I see faces and traces of home back in New York City.
Back in N.Y.C.
I might do a another post or two about my trip to Cleveland but for now let it be known that I’m back in New York. My siblings and nieces are in Cleveland, my wife and kids in New Jersey, but New York is my home and it feels good walk though Times Square again.
This giant (26 ft./8m.) bronze sculpture is Unconditional Surrender by Seward Johnson. It’s up through August 16th. How fun is that!
It’s a replica of the famous photograph taken by Alfred Eisenstaedt of a sailor and nurse kissing to celebrate the end of World War II. It was taken on August 14th, 1945—65 years ago tomorrow.
This angle makes it look as though Jay-Z is eavesdropping on a private moment.
It’s not often I’ll see a play twice. There are too many out there and my funds are too limited to double-up on something I’ve already seen, but I made an exception last night for David Mamet’s Race. It’s due to close next week and I really wanted to see it with its new cast. As much as I enjoyed the first viewing, this second night was even better. The original cast did a great job, but I think the new cast is an improvement.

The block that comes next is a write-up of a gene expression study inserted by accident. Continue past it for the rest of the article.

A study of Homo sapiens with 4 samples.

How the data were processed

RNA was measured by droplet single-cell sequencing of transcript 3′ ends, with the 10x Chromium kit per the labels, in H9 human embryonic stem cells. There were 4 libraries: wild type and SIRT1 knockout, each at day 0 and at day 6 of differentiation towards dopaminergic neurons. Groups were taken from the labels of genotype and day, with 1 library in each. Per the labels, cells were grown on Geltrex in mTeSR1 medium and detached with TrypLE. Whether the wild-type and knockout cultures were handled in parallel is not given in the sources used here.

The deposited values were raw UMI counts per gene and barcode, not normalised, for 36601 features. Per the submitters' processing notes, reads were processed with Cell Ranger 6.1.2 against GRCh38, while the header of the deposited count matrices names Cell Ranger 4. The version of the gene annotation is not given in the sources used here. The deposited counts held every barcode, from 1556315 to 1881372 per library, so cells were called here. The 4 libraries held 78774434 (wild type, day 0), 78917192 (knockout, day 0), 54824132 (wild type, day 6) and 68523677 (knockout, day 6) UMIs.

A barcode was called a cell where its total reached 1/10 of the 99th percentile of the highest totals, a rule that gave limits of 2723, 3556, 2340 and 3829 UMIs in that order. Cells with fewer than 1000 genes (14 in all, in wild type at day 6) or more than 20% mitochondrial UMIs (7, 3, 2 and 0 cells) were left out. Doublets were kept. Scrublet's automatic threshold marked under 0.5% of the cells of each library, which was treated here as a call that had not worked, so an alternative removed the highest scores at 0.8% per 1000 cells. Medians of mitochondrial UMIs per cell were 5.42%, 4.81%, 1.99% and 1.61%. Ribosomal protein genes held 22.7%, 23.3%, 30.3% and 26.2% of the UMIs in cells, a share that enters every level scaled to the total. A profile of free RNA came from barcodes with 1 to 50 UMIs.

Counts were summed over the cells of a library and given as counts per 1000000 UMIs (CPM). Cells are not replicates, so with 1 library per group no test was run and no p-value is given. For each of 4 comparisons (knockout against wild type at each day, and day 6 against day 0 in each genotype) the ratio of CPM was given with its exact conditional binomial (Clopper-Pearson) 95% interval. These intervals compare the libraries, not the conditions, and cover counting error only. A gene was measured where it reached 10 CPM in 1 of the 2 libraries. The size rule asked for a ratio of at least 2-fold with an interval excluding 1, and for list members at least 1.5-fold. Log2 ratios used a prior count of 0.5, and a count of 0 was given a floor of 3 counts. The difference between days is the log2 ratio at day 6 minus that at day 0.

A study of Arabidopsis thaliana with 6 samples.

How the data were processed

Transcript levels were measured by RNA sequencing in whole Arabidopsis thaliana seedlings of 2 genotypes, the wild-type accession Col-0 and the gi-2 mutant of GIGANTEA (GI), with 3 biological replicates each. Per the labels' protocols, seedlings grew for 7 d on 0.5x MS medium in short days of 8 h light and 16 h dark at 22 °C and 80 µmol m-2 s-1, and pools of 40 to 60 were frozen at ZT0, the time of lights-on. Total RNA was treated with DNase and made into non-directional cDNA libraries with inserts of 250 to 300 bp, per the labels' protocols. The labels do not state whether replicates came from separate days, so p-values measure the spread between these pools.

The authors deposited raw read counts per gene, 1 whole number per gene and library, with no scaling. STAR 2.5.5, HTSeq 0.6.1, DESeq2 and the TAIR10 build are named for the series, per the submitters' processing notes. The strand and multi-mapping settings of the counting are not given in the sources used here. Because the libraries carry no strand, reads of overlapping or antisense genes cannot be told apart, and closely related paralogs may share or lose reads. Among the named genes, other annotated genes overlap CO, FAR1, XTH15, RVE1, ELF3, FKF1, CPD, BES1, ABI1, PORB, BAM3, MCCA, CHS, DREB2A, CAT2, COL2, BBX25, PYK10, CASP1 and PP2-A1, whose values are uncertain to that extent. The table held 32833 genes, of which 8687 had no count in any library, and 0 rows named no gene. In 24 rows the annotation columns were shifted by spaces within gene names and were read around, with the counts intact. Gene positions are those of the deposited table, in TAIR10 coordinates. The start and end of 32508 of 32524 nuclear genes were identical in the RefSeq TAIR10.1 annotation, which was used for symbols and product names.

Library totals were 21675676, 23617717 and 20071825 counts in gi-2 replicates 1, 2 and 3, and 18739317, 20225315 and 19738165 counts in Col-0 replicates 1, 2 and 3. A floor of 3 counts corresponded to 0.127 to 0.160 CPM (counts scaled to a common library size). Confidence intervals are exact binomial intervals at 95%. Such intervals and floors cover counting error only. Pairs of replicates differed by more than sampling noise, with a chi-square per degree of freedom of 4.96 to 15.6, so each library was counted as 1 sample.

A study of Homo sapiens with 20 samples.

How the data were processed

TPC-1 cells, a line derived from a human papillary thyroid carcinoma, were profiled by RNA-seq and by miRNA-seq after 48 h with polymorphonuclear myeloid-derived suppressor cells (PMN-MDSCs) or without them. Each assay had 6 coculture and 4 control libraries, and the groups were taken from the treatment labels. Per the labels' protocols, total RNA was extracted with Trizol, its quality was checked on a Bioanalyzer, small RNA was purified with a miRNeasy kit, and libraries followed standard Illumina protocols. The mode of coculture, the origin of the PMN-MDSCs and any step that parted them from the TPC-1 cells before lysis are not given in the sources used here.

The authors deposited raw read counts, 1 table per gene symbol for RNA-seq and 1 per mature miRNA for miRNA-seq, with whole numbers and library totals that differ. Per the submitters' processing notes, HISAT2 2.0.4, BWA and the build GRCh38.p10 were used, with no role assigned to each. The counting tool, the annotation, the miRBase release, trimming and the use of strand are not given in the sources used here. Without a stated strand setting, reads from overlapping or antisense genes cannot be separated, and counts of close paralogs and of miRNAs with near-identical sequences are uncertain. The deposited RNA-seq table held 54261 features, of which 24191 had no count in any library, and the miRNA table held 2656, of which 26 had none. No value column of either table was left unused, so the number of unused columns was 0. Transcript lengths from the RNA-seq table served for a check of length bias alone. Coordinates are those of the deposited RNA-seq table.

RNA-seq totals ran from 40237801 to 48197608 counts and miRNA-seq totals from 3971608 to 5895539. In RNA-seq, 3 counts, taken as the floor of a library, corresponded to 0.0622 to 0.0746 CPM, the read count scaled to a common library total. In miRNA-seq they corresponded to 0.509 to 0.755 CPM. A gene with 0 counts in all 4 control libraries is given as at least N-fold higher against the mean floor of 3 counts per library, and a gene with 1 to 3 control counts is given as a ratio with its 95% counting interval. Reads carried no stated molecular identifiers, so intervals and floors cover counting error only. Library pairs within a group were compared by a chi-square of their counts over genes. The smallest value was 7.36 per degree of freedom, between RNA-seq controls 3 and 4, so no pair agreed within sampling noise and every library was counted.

James Spader was replaced by Eddie Izzard. I’m a huge fan of Izzard and I’ll see anything that guy does. As good as Spader was, Izzard was even better. His delivery had more punch and he seemed more at ease in his role of an attorney caught up in his own prejudices. And he seemed much more comfortable prowling the stage.
David Alan Grier was replaced by Dennis Haysbert (of 24). Again, Haysbert had better command of the role. Kerry Washington was replaced by Afton Williamson, who I saw last year in August Wilson’s Joe Turner’s Come and Gone. Her’s was an angrier, grittier performance. Richard Thomas is a holdover from the original cast. After so many months, he has a sharper focus on his character, a clueless, wealthy, white man who stands accused of raping a black girl. Is he guilty? Can the truth be found with her red sequined dress? You have to draw your own conclusions.
I checked my notes and although I’ve seen several plays since April, this is the first full-blown Broadway production I’ve attended since then. It was nice to be in a big house again. Have I mentioned that it’s good to be back?